Think back to your childhood. Remember staring at the little Matchbox and Hot Wheels cars in their shiny packaging, and then incessantly begging whomever you thought would give in to your most important need? I do. Now in my son, I see that same gleam in his eye when I bring him home a new truck to play with. Spending time playing with trucks alongside my son helps me feel like a kid again. That same Peter Pan desire to never really grow up fueled the concept and eventual reality of this absolutely stunning Ford Super Duty. Talking around the water cooler one day at Superlift's Research and Development Department, an idea was struck to build a never-before-seen F-350 and showcase the build team's engineering, talent, and desire to still play with toys. Boys will be boys.

Dubbed "Polecat Wurkz," the Superlift R&D department has built wild toy-like trucks in the past, including several of Hooters' traveling larger-than-life show trucks, but when it came time to create something completely different, the team leaned on their time spent as kids playing with extreme trucks like Tonkas. When we asked Superlift's Director of Marketing Joey Arbogast why they created this big brush truck, he replied, "It just seemed like a cool idea, plus Matchbox offered to make a replica toy of the truck if we did it, and they did." Talk about added incentive to produce something with extra "Wow!" factor. Superlift accepted the challenge, and started on the 8-month project.

Starting with a 2011 shortbed Crew Cab F-350, the Polecat Wurkz team created a 10-inch lift kit with new lift coil springs, Superide SSR shocks, steering stabilizers, and a rear setup featuring adjustable four-link, lift leafs and blocks, and Superide SSR shocks. No surprise here, all parts are from Superlift's parts catalog. That big lift allows for big tires, and the Brush Truck, as it was dubbed by Superlift, sports 41-inch Interco IROKs mounted to 20-inch BMF S.E.R.E. in Stealth finish with orange-painted rings. This combined with lift alone is enough to make people rubberneck at the truck as it cruises by, but what the Polecat Wurkz team did next really set the project off.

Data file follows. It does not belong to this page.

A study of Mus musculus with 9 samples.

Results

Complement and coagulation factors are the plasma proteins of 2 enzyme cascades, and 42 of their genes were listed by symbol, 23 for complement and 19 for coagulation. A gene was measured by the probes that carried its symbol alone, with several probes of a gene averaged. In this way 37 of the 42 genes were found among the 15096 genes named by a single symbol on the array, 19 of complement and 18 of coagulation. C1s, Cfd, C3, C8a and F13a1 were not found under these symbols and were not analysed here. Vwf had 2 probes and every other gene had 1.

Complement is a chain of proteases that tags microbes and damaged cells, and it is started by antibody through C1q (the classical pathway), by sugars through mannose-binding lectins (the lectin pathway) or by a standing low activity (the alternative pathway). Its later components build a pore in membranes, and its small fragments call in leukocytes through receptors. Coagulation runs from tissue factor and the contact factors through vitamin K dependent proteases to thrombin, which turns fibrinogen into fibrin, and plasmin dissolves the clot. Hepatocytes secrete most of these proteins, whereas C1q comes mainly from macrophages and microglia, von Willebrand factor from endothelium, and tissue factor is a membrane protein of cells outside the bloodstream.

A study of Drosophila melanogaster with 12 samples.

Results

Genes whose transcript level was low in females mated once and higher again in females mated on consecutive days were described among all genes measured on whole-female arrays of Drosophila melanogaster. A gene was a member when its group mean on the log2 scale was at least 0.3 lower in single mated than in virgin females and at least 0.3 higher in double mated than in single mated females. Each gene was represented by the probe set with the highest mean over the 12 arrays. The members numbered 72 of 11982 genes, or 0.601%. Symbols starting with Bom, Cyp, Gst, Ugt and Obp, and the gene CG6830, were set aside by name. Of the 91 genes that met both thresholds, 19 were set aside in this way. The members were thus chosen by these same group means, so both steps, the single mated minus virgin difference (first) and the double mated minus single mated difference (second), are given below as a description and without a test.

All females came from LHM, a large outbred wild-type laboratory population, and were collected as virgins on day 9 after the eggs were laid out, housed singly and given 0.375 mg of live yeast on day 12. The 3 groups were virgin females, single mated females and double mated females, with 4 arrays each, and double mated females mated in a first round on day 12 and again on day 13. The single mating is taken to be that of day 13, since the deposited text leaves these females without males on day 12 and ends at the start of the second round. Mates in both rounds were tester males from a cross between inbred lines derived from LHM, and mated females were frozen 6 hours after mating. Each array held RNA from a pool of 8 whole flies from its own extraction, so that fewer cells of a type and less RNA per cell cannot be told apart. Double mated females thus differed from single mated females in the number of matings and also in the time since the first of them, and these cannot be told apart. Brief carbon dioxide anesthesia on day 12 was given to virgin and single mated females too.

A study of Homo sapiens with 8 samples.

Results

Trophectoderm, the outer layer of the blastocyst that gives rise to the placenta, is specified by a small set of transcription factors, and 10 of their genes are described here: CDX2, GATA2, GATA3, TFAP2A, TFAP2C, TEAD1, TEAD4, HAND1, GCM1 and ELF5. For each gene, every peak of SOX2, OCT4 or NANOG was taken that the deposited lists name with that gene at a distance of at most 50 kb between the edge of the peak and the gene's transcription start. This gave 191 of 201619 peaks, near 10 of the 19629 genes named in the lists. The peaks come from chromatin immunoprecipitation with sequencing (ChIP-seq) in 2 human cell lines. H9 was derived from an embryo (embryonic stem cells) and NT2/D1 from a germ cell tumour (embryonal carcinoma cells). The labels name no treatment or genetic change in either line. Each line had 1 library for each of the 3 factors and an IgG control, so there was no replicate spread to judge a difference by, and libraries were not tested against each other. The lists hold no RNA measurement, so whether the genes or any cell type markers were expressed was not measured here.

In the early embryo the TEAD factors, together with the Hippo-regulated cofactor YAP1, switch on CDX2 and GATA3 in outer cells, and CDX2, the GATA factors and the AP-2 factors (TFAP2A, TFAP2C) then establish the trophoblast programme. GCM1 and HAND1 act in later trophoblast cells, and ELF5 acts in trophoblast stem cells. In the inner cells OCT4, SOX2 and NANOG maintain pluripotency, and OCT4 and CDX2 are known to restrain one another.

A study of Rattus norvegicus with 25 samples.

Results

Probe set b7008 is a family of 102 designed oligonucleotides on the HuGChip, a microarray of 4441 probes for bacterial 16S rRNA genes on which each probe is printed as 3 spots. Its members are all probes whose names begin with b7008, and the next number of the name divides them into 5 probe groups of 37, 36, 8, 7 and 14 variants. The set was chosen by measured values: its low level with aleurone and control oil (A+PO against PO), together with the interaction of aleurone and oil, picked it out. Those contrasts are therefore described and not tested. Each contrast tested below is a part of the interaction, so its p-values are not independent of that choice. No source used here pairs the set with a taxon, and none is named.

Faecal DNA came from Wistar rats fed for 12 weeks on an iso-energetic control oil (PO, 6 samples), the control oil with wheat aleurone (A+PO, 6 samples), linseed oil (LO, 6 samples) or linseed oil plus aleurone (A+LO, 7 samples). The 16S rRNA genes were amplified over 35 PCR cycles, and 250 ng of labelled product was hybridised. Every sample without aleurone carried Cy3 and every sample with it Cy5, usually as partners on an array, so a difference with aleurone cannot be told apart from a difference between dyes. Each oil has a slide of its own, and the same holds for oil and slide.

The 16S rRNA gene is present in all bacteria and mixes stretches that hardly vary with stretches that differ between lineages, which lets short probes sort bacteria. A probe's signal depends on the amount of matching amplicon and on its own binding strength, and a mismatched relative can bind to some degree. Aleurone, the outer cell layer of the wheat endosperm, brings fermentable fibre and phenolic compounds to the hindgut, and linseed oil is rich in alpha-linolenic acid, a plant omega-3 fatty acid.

Partnering up with DeeZee, FIG Designs, Mick's Rod Shop, and Marzula Fabrication to create a complete exoskeleton for the Ford, the skeleton actually goes from aluminum to steel, to aluminum and back to steel. Upon close examination, you realize the skeleton doesn't mount anywhere on the body, rather it mounts to anchors on the burly front bumper, side steps, and roof tubes. The bumper was another joint collaboration with Fab Fours, Dee Zee, and Polecat Wurkz. It features a Warn winch, yellow emergency responder tape for instant recognition, and mounted to the top, a large Task Force Tips water cannon that is remotely controlled from inside the cabin. Extending back towards the roof, two large bars join the roof bars with a Code 3 Security LED 2100X strobe police bar. The lower tubes are anchored by one-off side steps that add to the industrial and imposing appearance. Out back, the 6-foot bed was removed and a large fire box/water tank bolted in its place. Serving as the mounting point for the rear exoskeleton, the box also houses a pair of long-handled fire spades, straight-finger fire rakes, flat head fire axe, and Indian tanks for fire retardant and water for the cannon. Diamond plate was used to create rear fenders, and was also used for tool storage, and mounting point for the large water hose reels on each side. Those reels and front-mounted water cannon are fed by the 450-gallon tank mounted atop the rear framerails.